The Stanford Cardinal are back on the football field in just over two weeks. In an unprecedented season and offseason full of trials and tribulations, the team is back practicing in what could be considered their training camp for the 2020 football campaign.
However, unlike normal training camps, the Cardinal student-athletes are just that, students first. Normal training camps don’t see the student-athletes in classes at the same time, thus allowing for much more freedom of workout timeframes, film sessions, on-field practices, etc.
With classes in session while attempting to get to a place to be ready to play a football game in two and a half weeks, coupled with daily testing for Covid-19, classwork and virtual class attendance, this is absolutely one of the most trying ‘preseasons’ for these Stanford athletes.
And then, as head coach David Shaw put it, there’s an added wrinkle when his players returned to the University, because of the ongoing coronavirus pandemic.
“The restrictions from the state and county and university when we brought everyone back, we had a plan and we had to adjust those plans based on when those guys came back at different times,” Shaw said during a press conference. “They had to quarantine at the same time. And then we put those guys in their groups together. So some of those guys knew each other, but once they became a ‘pod,’ they had to train together, to eat together. I think some guys on our team got to learn about their teammates a bit better.”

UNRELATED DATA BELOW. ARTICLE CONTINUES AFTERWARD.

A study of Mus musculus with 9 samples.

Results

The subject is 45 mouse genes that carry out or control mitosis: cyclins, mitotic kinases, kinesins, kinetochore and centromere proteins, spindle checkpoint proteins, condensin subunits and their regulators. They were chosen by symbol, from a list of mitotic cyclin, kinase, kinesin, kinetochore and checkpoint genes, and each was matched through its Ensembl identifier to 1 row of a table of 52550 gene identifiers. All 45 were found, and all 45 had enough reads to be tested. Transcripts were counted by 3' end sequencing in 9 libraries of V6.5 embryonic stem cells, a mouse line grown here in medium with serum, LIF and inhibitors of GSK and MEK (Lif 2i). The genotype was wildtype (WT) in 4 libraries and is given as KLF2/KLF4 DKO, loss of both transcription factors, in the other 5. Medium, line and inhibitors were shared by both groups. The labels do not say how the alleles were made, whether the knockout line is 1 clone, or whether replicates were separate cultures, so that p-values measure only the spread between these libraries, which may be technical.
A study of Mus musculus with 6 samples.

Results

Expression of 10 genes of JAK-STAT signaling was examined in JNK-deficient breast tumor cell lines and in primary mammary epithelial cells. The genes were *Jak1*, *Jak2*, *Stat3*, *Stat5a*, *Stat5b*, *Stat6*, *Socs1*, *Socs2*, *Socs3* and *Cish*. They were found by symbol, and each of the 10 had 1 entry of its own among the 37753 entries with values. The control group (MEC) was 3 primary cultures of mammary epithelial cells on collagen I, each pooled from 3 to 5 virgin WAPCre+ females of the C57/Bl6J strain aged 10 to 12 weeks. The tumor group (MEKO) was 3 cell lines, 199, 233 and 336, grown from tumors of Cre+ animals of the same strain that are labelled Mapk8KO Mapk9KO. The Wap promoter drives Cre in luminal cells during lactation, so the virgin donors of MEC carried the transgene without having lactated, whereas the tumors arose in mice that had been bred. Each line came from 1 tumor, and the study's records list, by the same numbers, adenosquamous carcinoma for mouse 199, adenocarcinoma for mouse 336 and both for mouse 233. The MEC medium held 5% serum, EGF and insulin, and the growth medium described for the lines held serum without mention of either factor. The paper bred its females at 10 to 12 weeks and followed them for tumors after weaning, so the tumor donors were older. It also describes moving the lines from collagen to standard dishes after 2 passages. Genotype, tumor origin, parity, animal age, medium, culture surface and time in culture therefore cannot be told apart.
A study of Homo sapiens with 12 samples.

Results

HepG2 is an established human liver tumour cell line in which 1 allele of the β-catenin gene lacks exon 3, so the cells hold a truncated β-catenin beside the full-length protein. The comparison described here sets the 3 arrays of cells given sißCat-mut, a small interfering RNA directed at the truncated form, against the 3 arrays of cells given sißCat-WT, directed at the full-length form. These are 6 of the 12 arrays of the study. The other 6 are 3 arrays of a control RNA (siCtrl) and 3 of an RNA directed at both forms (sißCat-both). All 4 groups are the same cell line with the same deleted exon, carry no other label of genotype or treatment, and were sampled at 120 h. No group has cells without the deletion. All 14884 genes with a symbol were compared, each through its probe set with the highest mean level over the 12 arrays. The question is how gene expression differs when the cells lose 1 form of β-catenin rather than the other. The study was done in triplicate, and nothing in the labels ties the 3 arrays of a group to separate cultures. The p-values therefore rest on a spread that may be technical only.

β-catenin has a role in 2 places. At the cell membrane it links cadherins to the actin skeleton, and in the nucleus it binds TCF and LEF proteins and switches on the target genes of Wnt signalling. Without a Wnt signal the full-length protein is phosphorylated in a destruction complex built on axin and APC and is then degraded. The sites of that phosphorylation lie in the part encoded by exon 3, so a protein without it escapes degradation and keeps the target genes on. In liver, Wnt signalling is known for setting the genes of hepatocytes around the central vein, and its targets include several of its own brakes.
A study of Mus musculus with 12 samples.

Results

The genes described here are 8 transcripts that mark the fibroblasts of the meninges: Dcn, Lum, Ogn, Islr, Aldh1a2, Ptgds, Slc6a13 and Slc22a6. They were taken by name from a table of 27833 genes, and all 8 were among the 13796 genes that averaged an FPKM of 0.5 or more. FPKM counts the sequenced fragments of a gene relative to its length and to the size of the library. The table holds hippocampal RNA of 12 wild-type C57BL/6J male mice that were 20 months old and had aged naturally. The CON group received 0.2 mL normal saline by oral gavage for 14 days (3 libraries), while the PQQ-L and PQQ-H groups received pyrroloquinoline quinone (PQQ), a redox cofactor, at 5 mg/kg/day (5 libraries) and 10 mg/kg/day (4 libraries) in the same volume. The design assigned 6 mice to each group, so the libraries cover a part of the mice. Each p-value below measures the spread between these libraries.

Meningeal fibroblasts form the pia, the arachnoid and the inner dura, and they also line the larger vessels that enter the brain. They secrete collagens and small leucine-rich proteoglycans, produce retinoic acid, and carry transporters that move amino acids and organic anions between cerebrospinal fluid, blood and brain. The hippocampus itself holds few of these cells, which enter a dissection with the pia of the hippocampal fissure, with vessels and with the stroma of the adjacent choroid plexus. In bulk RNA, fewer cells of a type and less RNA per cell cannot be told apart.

The players were grouped into pods to limit any potential spread of Covid-19, and as such, it prompted players to be grouped with each other that they normally wouldn’t have chosen to be grouped with.
“I think initially it was a bit disheartening to some of them because usually at this time, especially to juniors and seniors, ‘Hey I want to lift with whomever, I want to workout or run with this group, and then I want to each breakfast or lunch with this group,’ and they weren’t able to do that,” Shaw added. “So, I think initially, it was uncomfortable, not necessarily uncomfortable, it was not what they would have chosen.”
Coupling all of the factors against them this offseason and preseason, it’s almost crazy to think that these student-athletes will not only be undergoing classwork, a full training camp on the field and also installing an offensive and defensive scheme for their season opener at Oregon in just over two weeks time.
As optimistic as he could be, however, Shaw thinks the forced ‘togetherness’ for his players will ultimately help them out as a team in the end.
“A lot of guys got to know each other and I think in the long run it will help us.”